Like books? Like Australian books? Read on.
A threat is looming, people. A threat that is making a raft of Australian authors come out from behind their laptops and speak up. And their words are chilling.
Magda Szubanski, winner of the Australian Book Industry Award Book of the Year for her outstanding memoir, Reckoning, said: ‘If this comes in, I will not write another book and I will really start thinking about leaving the country.’
Listen to Magda Szubanski speak to Mia Freedman on the No Filter podcast.
Listen to the full interview in itunes.
Richard Flanagan, winner of the world’s most prestigious literary prize, the Man Booker, for his magnificent novel, The Narrow Road to the Deep North said that these changes will ‘destroy any future for Australian writers.’
Tim Winton, winner of the ABIA Non-fiction Book of the Year for his compelling investigation into the way Australia makes us who we are, Island Home, said these changes will ‘usher in a new colonial era in publishing. Once again Australian writers will be edited in London and read in export editions at home as they were when I was a kid. That’s just a huge and pointless step backwards.’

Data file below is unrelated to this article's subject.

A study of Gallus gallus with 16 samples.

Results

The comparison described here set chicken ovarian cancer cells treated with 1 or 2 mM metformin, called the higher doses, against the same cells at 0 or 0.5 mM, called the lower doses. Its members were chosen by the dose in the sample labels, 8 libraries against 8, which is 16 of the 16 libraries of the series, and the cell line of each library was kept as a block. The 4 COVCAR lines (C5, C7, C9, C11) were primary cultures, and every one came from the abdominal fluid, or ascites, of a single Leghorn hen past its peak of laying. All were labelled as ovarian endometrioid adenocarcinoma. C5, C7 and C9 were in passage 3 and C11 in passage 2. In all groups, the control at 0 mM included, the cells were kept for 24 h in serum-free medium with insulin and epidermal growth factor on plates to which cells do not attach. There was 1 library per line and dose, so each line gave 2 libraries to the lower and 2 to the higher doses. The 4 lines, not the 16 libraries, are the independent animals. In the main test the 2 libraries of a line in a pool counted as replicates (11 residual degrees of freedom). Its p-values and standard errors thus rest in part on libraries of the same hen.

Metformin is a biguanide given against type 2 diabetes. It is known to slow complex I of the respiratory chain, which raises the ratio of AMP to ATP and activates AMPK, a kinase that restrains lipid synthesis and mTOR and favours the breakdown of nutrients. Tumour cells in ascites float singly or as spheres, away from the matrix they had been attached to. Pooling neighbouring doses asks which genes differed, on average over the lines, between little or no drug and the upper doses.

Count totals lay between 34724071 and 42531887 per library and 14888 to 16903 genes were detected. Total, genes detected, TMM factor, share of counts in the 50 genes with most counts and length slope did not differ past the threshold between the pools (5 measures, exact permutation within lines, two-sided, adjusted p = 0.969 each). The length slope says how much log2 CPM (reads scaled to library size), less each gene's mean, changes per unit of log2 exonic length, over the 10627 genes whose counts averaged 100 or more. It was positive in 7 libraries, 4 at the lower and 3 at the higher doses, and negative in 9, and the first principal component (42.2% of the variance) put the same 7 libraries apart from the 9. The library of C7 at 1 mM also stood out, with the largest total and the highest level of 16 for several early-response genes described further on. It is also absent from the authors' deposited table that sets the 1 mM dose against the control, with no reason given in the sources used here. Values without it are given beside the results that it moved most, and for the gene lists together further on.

The prolific Thomas Keneally, author of too many books, and too many awards to mention, directing his comments to Malcolm Turnbull said: ‘(Australian publishing) has raised itself to be the 17th biggest book industry in the world. I refuse to believe that such a robust Australian as yourself wants to do away with that and make us again and forever what we were when I began to write – a colony for other people’s minds and other people’s books.’
If you are anything like me, you might be finding it hard to bring yourself to give a toss about the current federal election. The five PMs in five years thing has taken its toll. And now, after a brief flirtation with the idea that in Malcolm we may have finally scored that leader with the ‘steady hands at the wheel’ that his predecessor kept slogan-ing on about, that we may have a man with a vision and a keen eye on innovation to boot, I’m ashamed to say that it kind of feels like it doesn’t even matter what any of them say any more. I’ve found myself feeling completely over it. Beyond over it. I’ve stopped listening.
Stopped listening, I should say, until I found out about THIS, because now suddenly, I’m all ears:
Apparently our ray of light, the man who is keen on innovation, might not be so keen on books. Not Australian ones, anyway. Word has it that he’s strongly considering implementing a proposal by the Productivity Commission that will spell catastrophe (that’s c-a-t-a-s-t-r-o-p-h-e) for the Australian publishing industry. And by almost guaranteed extension, for Australian authors, and for lovers of Australian books.